From child welfare to juvenile justice to education, children involved in systems or who need extra support are seen as different or even deviant. Too often, this “othering” is carried forward into system reform efforts, perpetuating the problems that reforms seek to address and intensifying inequities. What if instead systems were built, first and foremost, on the recognition of what all kids have in common?
When Tim Decker took over as Director of Missouri Children’s Division (the state’s child welfare agency), he partnered with the Full Frame Initiative (FFI) to rebuild child welfare with this recognition. The starting point was the Community Conversations.
Through seven day-long convenings across Missouri, FFI and Decker brought together more than 300 people to challenge the assumption that kids involved in systems are fundamentally different. Many participants worked for the Children’s Division, but more than half did not. They were foster parents, pastors, teachers, police, librarians and others who have a profound impact on the welfare of children generally.
Instead of examining families in the context of child welfare, the Community Conversations rooted participants in what all children and families share: a universal drive for wellbeing. To do this, FFI leveraged the power of film for its ability to bridge divides, unlock insights and inspire action. First, FFI introduced the Five Domains of Wellbeing – the essential needs and drives we all share that create health, hope and resilience – and then screened the Sundance award-winning documentary RICH HILL, which follows three boys in economically distressed Rich Hill, Missouri. While not shying away from the myriad challenges the boys face, the film focuses on their strengths, hopes and dreams, and their love for their families.
FFI then facilitated discussions of characters and events in RICH HILL through the lens of the Five Domains of Wellbeing, leading to perspective shifts as participants came face-to-face with how our brains oversimplify who is “good” and “bad” and experienced how a wellbeing perspective holds a fuller picture. Participants then explored what would be possible if kids and families involved in child welfare were seen through this lens.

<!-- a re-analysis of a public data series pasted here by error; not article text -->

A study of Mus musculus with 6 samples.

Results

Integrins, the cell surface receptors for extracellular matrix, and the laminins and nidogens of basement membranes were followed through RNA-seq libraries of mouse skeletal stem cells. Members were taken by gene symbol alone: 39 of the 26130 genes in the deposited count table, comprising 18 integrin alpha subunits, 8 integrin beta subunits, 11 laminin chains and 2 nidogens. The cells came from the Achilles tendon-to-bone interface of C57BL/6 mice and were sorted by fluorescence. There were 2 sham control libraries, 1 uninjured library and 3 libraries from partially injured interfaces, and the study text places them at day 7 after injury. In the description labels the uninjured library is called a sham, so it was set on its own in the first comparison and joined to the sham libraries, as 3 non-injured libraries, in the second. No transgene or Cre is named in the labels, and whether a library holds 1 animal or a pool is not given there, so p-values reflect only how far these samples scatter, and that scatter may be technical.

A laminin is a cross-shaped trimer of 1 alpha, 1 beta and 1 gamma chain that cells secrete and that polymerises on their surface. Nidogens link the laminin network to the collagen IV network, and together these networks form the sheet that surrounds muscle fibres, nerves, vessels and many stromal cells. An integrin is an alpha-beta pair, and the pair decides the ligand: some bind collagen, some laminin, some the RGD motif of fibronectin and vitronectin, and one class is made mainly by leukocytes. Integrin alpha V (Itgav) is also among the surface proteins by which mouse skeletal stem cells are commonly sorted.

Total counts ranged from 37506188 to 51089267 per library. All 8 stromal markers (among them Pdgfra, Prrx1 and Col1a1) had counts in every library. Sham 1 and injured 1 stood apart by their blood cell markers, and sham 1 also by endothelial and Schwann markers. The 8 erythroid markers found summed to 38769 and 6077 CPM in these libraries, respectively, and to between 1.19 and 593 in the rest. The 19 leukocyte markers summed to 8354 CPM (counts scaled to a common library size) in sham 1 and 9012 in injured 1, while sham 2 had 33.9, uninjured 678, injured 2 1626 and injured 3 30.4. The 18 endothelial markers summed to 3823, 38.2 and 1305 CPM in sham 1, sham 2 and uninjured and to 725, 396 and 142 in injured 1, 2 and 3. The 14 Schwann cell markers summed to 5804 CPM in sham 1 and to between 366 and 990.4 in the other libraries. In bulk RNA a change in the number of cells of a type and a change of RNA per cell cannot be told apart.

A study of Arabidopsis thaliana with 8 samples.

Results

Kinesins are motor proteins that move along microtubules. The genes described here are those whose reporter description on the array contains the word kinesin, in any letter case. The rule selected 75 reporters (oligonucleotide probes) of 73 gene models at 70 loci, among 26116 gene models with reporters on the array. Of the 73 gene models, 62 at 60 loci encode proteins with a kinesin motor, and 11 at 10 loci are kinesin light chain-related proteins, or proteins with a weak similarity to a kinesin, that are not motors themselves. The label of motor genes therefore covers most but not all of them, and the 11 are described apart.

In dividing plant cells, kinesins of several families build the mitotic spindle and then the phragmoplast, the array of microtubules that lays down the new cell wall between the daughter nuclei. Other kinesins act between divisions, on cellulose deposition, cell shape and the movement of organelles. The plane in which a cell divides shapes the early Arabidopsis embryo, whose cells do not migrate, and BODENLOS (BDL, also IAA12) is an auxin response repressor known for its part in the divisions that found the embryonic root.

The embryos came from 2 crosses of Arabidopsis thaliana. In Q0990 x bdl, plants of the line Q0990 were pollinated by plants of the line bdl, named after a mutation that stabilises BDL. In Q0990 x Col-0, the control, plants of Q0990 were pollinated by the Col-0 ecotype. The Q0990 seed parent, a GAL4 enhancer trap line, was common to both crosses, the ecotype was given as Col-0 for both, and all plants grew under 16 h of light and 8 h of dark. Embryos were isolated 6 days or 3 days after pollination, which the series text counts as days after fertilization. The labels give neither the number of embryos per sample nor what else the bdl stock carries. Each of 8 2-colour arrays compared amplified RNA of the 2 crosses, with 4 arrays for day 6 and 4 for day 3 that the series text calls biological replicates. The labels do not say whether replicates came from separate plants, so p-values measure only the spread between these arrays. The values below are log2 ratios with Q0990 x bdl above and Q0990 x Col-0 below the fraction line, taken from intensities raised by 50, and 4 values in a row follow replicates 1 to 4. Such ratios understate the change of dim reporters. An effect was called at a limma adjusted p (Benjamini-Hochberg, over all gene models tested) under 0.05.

Starting with wellbeing triggered a transformative community- wide response that transcended divides of place, politics and perspective. Participants concluded that children and families didn’t need more programs – they needed full support across public agencies, nonprofits, businesses, religious institutions, the broader community and families themselves. Through this shared understanding came collective ownership over the solutions.
From these events, a new model for child welfare emerged that had wellbeing at its foundation, leading to overhauling staff training, policies, supervision and practices. The Children’s Division responded to feedback during the Conversations about how its own policies kept staff, foster parents, police, pastors and others from helping kids and families have a fair shot at wellbeing. They responded by eliminating policies that, for example, kept kids in foster care from attending normal activities such as slumber parties, after-school activities and others. Challenging behavior that was normal and predictable for adolescents was no longer pathologized and attention was paid to differentiate between neglect and poverty. Paperwork was reduced so that child welfare
workers could work with kids, not sit at their computers. Agency leaders identified new opportunities for collaboration and champions surfaced across the state who were tapped to help shape child welfare reform in the years that followed.
Over the next five years, FFI supported shifts in culture, policy and practice within the Children’s Division, other agencies (like courts and mental health), and communities like St. Louis. FFI brought community conversations to schools and courts to dig into new solutions to drug epidemics and community violence, and continues to leverage film and other forms of art to shift perspectives in our systemic change work across the country.